My state, Massachusetts, ranks fifth in the nation on a list of states which are not producing enough graduates to fill tech job openings. Worse shortages are seen in California, New Jersey, Texas and New York.

On the job board Dice, there are 24,728 tech job openings in these states, up 17 percent over last year. Boston alone has 3,808 openings, up 24 percent over last year.

While the shortage might be a magnet for talent from outside the country, it is a governor on growth of companies inside.

Our government's response? If Startup America is any indication, it is to encourage more people to start new companies, a sure recipe for intensifying demand for H-1Bb visas to hire foreign workers.

University entrepreneurship courses typically prepare students to create new companies, not to become early employees of startup companies. But every founder and co-founder of a new tech company needs three to five marketing, sales and product development employees to get the company off the ground.

The tech talent shortage has prompted state government in Massachusetts to launch a workforce development study, followed by a series of summits to discuss challenges and options.

The tech industry can't wait. The situation is so pressing that one group of investors recently created the Boston Startup School, a non-credit six-week summer school program to prepare students for entry level positions in its portfolio companies.

But most students we know are anxious to get a job to start paying off their loans. Why should they have to take more classes to be qualified for a job?

Practical Challenges

The real solution is a partnership between the universities and companies to get our young people better prepared to contribute to startup companies. But there are practical challenges:

1. Not every student wants to jump into a risky, early stage company. How can we better help them understand the career pathways in startups?

2. Second, if a recent grad does have the interest and skills, such as familiarity with Ruby on Rails, or Salesforce, they taught themselves with extracurricular projects. Can we integrate some of this learning in the university curriculum?

3. And third, even with the required skills, students are not prepared to hit the ground running as part of a startup team. Can we offer a ramp-up period to socialize students to the startup environment?

What We Are Doing

Here is what we are doing to meet these challenges at the UMass Boston Venture Development Center, in collaboration with the tech industry, community colleges and state universities, and under Entrepreneur in Residence Dan Phillip's leadership:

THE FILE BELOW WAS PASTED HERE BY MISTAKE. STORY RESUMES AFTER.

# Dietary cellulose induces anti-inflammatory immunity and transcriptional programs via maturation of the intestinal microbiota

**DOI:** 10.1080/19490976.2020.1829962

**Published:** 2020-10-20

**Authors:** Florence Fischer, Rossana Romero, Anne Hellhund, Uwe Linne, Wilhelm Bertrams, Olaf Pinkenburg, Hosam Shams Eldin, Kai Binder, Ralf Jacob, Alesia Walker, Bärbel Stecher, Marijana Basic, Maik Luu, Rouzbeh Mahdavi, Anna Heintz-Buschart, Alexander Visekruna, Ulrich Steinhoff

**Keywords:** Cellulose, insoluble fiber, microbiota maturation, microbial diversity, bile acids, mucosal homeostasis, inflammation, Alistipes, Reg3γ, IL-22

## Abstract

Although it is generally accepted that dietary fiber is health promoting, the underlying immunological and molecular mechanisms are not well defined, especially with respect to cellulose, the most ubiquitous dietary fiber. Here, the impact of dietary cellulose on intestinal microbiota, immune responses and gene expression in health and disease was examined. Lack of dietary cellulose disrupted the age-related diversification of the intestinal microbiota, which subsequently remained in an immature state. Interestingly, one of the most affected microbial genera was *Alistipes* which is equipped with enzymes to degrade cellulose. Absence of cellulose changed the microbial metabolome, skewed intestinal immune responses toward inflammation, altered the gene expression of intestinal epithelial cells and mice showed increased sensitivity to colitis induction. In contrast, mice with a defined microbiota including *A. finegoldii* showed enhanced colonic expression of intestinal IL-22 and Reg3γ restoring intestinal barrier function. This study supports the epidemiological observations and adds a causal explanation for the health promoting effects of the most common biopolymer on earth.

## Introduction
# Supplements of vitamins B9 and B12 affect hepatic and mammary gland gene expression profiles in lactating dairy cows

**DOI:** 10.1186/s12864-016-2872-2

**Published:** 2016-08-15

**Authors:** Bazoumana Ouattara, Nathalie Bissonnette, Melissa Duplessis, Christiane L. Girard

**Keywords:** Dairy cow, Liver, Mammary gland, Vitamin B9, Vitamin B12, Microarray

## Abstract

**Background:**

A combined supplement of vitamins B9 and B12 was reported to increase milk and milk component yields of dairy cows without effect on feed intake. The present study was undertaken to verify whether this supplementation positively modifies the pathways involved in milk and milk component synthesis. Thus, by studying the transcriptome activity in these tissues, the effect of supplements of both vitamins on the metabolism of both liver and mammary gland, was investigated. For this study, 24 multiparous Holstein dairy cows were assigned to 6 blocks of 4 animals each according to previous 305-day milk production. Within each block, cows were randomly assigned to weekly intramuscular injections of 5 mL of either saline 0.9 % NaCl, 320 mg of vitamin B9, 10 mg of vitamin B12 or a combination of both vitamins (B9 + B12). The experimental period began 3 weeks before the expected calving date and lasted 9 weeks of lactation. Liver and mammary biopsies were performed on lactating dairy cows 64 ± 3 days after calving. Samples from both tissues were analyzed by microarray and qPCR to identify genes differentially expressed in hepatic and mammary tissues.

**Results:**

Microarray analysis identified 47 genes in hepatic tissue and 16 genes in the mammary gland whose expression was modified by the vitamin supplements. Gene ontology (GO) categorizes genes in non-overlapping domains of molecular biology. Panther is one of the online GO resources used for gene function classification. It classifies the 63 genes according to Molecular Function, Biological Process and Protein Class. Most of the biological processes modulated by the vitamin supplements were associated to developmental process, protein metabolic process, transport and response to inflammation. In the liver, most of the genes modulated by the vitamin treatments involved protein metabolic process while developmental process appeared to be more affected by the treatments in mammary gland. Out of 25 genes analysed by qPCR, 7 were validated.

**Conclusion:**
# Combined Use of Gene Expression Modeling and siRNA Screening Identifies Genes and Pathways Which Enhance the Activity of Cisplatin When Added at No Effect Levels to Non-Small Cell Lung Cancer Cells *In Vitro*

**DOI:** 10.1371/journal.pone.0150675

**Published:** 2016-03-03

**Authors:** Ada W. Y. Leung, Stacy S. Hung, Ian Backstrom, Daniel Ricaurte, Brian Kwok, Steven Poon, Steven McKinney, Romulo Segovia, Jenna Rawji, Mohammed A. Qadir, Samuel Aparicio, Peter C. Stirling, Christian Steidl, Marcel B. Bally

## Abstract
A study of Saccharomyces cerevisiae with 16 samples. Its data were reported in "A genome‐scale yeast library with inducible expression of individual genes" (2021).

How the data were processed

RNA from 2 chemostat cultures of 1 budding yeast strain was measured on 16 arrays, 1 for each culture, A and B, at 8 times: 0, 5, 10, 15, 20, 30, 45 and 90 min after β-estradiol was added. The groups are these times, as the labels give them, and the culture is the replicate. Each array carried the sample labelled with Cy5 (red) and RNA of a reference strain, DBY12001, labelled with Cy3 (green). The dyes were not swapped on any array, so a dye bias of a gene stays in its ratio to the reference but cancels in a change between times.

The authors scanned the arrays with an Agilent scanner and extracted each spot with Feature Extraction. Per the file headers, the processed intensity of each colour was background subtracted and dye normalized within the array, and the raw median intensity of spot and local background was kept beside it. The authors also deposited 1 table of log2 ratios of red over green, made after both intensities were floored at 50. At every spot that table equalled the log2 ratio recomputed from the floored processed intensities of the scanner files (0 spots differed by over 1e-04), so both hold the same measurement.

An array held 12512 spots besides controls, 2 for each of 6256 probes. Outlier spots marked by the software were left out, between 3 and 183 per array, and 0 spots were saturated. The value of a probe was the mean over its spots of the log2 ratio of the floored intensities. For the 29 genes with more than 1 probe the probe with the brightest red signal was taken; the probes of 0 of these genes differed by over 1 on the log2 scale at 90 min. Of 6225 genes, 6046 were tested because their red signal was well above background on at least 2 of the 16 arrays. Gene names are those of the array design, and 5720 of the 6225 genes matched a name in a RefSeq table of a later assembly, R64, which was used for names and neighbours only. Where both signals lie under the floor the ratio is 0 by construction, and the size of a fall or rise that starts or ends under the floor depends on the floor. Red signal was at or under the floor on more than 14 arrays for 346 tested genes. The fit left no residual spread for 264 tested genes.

• Hold weekly workshops where students learn about marketing, sales and product development career paths.

We guest lecture in engineering and management classes, and entice students to a workshop. At the workshop, we explain that if a student performs well, they are likely to be hired at another startup if the one they work at goes belly-up and they can advance all of the way to running marketing or development, or even be the CEO.

  • Align and revise university curriculum related to marketing, sales and product development to create a pipeline from two-year to four-year public universities to tech startups.

Why state universities and community colleges? They are filled with students who are purposeful, driven, unentitled, and know how to handle adversity. They are the type of people startups like to hire as entry-level employees.

  • Place students in company-paid internships in venture-backed startups throughout the year so students learn vital skills by working along side more experienced employees.

Seventy three percent of our 96 marketing, sales and product development placements have received full-time employment at the venture-backed startup with their internship being an influential factor. Internships are a great way for students and employers to try each other on for size.

What's Next?

We've only been at this for a few years, have learned a lot and there is much we can do to improve the quality of training and preparation we provide as we scale up. But we've learned enough to start thinking about how to offer our program online nationwide.

According to Jeff McCarthy, Partner at North Bridge Venture Partners, and an advisor to our initiative: "The hope is that a program like this truly can fuel the workforce engine required to launch the next generation of startups."